Reward: Make it worthwhile and memorable!

Reward Package
Give them a reward

When you have done the “close-down” and “lessons learned” things I suggested last month there are a few more activities which I think are really worth considering at the end of a project:

  • Punctuation – Make sure people realise that this is The End.
  • Say “Thank you” – You might be surprised how much people appreciate it.
  • Give small gifts or mementos for people to remember the project by.

These things can be done by management roles, but they can be done informally within a team as well.

What to give as a reward? A little more detail.

Sometimes projects just “peter out”. The last person to leave switches off the lights. I think it is better to have a final social occasion – a project meal or something similar.

Saying “Thank you” costs nothing more than a little effort. People appreciate it and if you work with the same people again they will remember that you appreciated what they did.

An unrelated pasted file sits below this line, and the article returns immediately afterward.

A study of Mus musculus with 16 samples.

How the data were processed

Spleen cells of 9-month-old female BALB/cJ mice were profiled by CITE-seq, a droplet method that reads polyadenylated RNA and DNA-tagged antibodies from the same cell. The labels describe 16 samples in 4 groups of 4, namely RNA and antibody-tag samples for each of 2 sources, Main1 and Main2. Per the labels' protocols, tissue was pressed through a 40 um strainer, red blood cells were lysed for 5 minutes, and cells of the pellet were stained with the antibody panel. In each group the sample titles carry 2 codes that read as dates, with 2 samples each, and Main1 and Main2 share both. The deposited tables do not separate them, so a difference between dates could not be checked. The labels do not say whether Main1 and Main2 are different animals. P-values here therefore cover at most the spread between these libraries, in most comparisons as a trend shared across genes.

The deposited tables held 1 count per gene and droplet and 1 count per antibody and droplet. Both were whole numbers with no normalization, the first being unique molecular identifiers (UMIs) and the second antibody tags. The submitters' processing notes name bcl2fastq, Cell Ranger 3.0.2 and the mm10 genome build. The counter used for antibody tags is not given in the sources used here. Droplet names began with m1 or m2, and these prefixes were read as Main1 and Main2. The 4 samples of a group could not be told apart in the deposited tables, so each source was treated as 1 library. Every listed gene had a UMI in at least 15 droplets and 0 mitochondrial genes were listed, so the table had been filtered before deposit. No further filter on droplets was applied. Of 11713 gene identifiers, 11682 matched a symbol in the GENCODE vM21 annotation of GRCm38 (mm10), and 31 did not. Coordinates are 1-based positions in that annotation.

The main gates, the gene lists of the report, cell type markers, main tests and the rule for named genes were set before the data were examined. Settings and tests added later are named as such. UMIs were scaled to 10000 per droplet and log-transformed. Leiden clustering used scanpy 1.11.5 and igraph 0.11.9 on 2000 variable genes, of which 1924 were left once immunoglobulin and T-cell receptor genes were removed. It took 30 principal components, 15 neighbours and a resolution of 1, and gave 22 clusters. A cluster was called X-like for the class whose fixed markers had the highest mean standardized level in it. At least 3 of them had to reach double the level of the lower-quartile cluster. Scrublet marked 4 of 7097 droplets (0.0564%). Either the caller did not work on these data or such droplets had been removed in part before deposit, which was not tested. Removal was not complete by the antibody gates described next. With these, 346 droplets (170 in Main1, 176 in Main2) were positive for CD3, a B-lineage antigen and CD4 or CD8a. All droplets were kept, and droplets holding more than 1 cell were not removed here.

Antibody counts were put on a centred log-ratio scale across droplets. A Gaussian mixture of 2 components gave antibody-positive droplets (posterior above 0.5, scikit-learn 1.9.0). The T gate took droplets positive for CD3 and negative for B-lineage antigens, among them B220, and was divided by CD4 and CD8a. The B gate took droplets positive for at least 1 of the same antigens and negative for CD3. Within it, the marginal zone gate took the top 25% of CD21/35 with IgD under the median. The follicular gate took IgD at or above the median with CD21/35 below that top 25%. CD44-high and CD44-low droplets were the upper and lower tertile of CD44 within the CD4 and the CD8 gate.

Small gifts can be a nice gesture. I have been given some strange things over the years, ranging from the technical (a couple of planes of core memory, and a disk platter), through the practical (some coasters and a set of cuff-links) to the rather strange (a curry cook-book!). All of these things bring back pleasant memories about the projects in question.

Why bother with a reward?

As well as being pleasant, these things serve practical purpose.

  • Bringing the project to an emotional close is a good thing. It is time to finish what are doing and move on to the next activity.
  • You may find yourself working with the same people in the future. This can happen years later, and you may be in quite different roles. Parting company on good terms means that it will be easier to start the new relationship with a good feeling.
  • I think it is good for your reputation to be thought of as being appreciative. This does not mean that you have to be soft. There is no contradiction between being a “hard task-master” and saying “thank you” in various ways.

Think of these activities as being a small speculative investment in the future.

Two words of caution:

  • Do not be seen to be doing these things in a manipulative way. People do not like that and it is generally counter-productive.
  • Do not say you are going to do something (like hold an “end of project meal”) and then not do it. That is demotivating.

Enjoy a break before starting again refreshed!